The idea that men and women speak a different language is well-worn in regards to personal relationships, but John Gray, author of the famous relationship guide Men are from Mars, Women are from Venus says the same communication difficulties we struggle with in our personal lives also play out in the office. He, along with gender intelligence specialist Barbara Annis, conducted over 100,000 interviews with male and female executives and coauthored Work With Me to highlight the blind spots in workplace communication that create conflict between the sexes.
They argue there are innate differences between how men and women respond to situations in the workplace and understanding what they are and why they exist can not only facilitate better communication but result in a happier and more productive working environment.
Seventy-two percent of men Gray and Annis surveyed said women ask too many questions. Some men felt these questions slowed down progress and delayed decision-making, while others felt questions were a sign that a female boss was being too controlling or critical.
Women admitted to asking questions but felt their questions were their best contribution; needed to stimulate an exchange of ideas, to build consensus, show concern for others and help arrive at the best possible outcome. Understanding the motivation and finding value the questions rather than be annoyed by them can help to facilitate better communication between the genders and create a more balanced workplace.
While over 50% of women surveyed said they didn't feel included in the workplace—whether in business social events, casual meetings or conversations—90% of men surveyed felt women had equal opportunities and didn't feel they excluded women.
So, who is correct? Both, it turns out.
Gray offers an example of a meeting in which men are constantly interrupting each other and throwing their ideas on the table while the women in the room are silent. "The men will just ignore her [because] they assume that she has nothing to say," says Gray. The woman at the table then feels that the men in the room don't care what she has to say. What men don't realize, says Gray, is that women like to be invited into the conversation.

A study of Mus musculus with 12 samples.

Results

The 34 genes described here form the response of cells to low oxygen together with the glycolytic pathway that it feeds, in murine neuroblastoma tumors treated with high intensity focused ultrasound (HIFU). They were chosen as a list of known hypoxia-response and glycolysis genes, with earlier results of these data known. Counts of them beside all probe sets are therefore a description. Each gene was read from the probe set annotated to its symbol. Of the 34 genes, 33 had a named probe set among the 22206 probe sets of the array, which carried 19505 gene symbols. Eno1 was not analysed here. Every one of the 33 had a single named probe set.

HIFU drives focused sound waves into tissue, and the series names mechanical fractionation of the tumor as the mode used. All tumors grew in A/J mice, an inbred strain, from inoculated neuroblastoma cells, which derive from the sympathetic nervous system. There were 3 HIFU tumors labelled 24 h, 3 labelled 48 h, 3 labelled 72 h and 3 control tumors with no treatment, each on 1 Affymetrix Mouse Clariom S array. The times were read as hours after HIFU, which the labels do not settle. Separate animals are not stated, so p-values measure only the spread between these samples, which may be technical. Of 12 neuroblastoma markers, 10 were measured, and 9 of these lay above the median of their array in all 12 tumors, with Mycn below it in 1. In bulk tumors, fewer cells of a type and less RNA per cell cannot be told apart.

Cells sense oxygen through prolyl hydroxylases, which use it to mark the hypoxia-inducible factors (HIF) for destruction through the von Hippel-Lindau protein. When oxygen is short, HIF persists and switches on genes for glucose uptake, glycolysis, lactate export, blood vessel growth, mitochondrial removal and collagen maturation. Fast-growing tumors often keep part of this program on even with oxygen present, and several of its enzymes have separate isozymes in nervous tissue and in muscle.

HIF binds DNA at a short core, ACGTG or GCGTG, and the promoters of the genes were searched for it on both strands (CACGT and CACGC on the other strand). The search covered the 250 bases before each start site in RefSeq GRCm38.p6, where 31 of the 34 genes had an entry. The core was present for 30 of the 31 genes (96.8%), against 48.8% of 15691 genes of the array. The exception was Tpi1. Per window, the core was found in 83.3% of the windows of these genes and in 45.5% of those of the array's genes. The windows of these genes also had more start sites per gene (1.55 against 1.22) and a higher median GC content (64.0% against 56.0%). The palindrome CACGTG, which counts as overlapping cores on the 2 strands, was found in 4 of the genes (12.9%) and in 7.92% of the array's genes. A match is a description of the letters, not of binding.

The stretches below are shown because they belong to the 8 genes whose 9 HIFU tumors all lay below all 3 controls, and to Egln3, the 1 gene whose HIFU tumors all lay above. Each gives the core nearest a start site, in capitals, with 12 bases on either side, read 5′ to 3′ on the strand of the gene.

"When women get together, if someone is not talking [women will tend to say] let me see what she's thinking," says Gray. These opposite reactions, he says, are a result of our biochemical differences. "One of the symptoms of high testosterone is once it gets revved up there's a faster reaction time so men are jumping in there, reacting very quickly," he says.
Women, he says, have higher levels of oxytocin (or what Gray dubs the "we" hormone") and like to be inclusive. Men who ask, "What do you think, Sally?" can help women feel included in the discussion, while Gray says women can take the initiative themselves and lean in Sheryl Sandberg style.
The way men and women feel and show appreciation in the workplace also differs. While men want their individual results to be acknowledged—"John did a great job on that report"—women tend to share the praise and like to be acknowledged as part of a team. When a woman is credited for a task—"Great job on landing that key client, Sarah"—she will most often share the spotlight—"I couldn't have done it without Kate's help."
Gray argues we owe this difference to our two opposite hormones again: oxytocin and testosterone. Women have higher levels of oxytocin, the hormone that promotes a feeling of connectedness—as in "we did this together," "I have a team that supports me." Men, on the other hand, experience a tremendous release of testosterone when they take credit for something, so naturally want to be the stars of the show.
The ways in which men and women solve problems is also linked to these favorite hormones: oxytocin and testosterone. "The stress reaction when a man is challenged by a problem [is] to withdraw. This is a man's reaction to rising testosterone levels to meet a challenge," says Gray.
Women, on the other hand, seek support to solve a problem to engage their "we" hormone (oxytocin), which explains why women can misinterpret men's shutting out as appearing not to care, or brushing off the problem.
Facilitating better connection between the sexes doesn’t mean that men need to completely change their behaviors or that women need to change, but in order to improve communication and have a more harmonious work environment, we each have to work harder to understand and respect our differences.
"The real issue [in workplace conflict] is lack of gender intelligence. We need to appreciate and respect the differences between men and women; to anticipate them and respond appropriately to them," says Gray.